Nettle Butter

Nettle Butter

You won’t find homemade nettle butter at the supermarket, but making it yourself adds the most sublime color and nutty flavor to basic butter. Melt the finished butter straight onto Trofie pasta: a petite, twisted strand-like noodle, like the pasta you see here, and sprinkle Parmesan on top. Or, smear it on sourdough toast, pan-fry radishes in it, or pop a small knob on top of grilled salmon. I often sprinkle a bit of Maldon sea salt and toasted pine nuts to compete the dish.

Makes: 9-10 tablespoons flavored butter

Prep Time: 20 minutes

Cook Time: 10 minutes

Stinging Nettle Tip
To take the sting out of the nettles they must be cooked. Wear plastic gloves and use tongs, or carefully pour the plastic bag of uncooked nettles straight into the boiling water without touching them. Once cooked, you can safely handle them. 

Nutty & Nutritious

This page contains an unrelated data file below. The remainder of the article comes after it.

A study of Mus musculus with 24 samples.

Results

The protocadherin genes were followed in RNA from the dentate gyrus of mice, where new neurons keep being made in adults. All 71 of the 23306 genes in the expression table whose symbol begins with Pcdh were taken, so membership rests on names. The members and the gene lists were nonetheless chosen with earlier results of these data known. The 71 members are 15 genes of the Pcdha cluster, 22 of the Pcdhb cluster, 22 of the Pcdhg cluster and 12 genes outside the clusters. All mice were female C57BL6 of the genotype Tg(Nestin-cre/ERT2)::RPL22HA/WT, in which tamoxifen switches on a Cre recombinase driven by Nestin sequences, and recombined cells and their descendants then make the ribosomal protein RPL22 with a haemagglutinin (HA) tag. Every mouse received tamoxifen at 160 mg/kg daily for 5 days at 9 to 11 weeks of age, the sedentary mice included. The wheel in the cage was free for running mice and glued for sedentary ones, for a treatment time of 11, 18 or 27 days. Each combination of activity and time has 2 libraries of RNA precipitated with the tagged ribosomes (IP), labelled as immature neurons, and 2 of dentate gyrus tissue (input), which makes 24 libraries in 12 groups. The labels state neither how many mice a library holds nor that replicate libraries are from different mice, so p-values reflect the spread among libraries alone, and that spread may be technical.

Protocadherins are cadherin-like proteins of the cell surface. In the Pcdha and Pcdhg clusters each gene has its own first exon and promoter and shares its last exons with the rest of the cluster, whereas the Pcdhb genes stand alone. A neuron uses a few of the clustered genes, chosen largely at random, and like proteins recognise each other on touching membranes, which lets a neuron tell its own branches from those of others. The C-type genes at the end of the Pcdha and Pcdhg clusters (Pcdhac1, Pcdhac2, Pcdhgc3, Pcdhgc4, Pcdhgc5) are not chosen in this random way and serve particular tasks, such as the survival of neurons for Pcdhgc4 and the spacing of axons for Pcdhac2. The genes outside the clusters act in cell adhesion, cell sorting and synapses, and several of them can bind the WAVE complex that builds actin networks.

½ lb fresh stinging nettles

½ shallot, finely diced

1 clove garlic, finely diced

3 tablespoons extra-virgin olive oil

8 tablespoons (1 stick/113g) salted butter, at room temperature, cut into cubes

Freshly ground black pepper 


Bring a few quarts of water to a boil in a large pot. Carefully, without touching them, add the nettles to the boiling water. Cook for 5 minutes, until bright green and tender, stirring occasionally to keep everything submerged.  

Using a slotted spoon, a spider or tongs, remove the cooked nettles and place in a colander to drain. (Save the broth for soup!) When the nettles are cool enough to handle, remove the tough, fibrous ends of the stems, and then squeeze out all the excess liquid. Pat them dry with paper towels, then finely chop.

In a small frying pan over a medium heat, sauté the shallot and garlic for a couple of minutes, or until soft and translucent. Add the nettles and combine. 

Add the cooled nettle mixture and butter to a food processor and pulse everything together until well combined and smooth. Add freshly ground black pepper to taste. Place nettle butter on a piece of plastic wrap, rolling it to form a tight little log.  Wrap it like a piece of candy and pop in the fridge until chilled. Slice with a sharp knife and store in the refrigerator or freeze.